The Mid Tyrone Lamb Producer Group partnered with DAERA to hold a Practical Rush Management event on Thursday, August 30th.
Two sessions were offered to all members of the group and to the wider public. Both the sessions started off in Plumbridge Parochial Hall for a short introduction.
The basis of the event was to ensure people are eligible for the schemes they work alongside and manage their rush in accordance with the environment and maximising grazing potential. Rush are found in acidic soils; therefore, soil analysis is imperative to understand what the ground needs to achieve the target Ph of 5.5 in heavy/peaty soil. Soil analysis gives farmers the best return on their money for the detailed information received regarding the land.
Each rush stem has approximately 8,500 seeds per shoot and these seen can lay dormant for up to 60 years. Consider this when using rushes as bedding. To aid in the prevention of rush, investing in drainage and reduce stocking levels is important. There are however a few benefits to a low percentage rush in your fields as they provide shelter for young lambs and calves, the Irish hare and ground nesting birds.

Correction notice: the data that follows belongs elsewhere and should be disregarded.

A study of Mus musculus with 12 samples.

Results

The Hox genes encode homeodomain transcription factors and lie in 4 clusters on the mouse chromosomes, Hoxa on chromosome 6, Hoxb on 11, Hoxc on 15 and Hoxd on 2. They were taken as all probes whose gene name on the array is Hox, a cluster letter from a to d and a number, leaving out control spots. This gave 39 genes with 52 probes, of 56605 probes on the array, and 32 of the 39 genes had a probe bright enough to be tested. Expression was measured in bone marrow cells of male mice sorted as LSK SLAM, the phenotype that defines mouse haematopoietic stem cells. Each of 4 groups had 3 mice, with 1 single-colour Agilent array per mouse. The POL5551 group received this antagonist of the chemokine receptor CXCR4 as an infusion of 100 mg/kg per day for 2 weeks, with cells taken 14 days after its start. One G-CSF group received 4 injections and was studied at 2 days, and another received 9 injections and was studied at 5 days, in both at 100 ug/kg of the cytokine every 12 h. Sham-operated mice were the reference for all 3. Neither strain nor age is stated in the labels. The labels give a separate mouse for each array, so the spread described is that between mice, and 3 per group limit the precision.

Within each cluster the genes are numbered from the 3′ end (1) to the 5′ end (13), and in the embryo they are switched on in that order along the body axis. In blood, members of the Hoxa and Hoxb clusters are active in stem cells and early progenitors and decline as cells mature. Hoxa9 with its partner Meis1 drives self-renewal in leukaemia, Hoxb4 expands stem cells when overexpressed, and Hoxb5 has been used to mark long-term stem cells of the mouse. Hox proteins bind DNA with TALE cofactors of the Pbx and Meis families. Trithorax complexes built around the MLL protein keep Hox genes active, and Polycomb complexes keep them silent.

Moving out to the demonstration field, where visitors were transported by Ward Travel, the group got to see and understand eligible rush. Eligible rush is a standalone rush, not a group of rushes merging to make one big group or rush. The rush must not be dense and must have grass growing in-between allowing animals to forage. The eligible rush will also be green in colour rather than ineligible rush which are brown and very tall.
There are four trail plots in the field: 1 The control which has had nothing done to the rush and will be used to compare the treatments. 2 MCPA application. 3 Roundup Energy with Weed Wiper. 4 Cutting Only.
There will be a follow-up next year to identify which application had the best success, but DAERA officials believe the Roundup Energy with Weed Wiper will exceed the other treatments. The group also got to avail of demonstrations by local contractors Gerard Hegarty with his tractor and grass mulcher, O’Kane Contractors with his quad and mulcher and CAFRE also brought their rush licker with brush head.
Back in the hall, there was a talk from NI Water who told the group of the importance of responsible chemical usage. MCPA is hard to breakdown and lingers in water for up to 30 days. A spillage of 1g of MCPA requires 10 million litres of water to dilute it down so it fits EU regulations on water quality for safe drinking.
Both the sessions where a great success and seen people attend from as far as Mayo, Down and Antrim to get advice in rush management. It will no doubt be as popular next year when we return to see the results of the trials. A big thanks to all the support from the organisers, local farmers and the hall committee who provided great hospitality.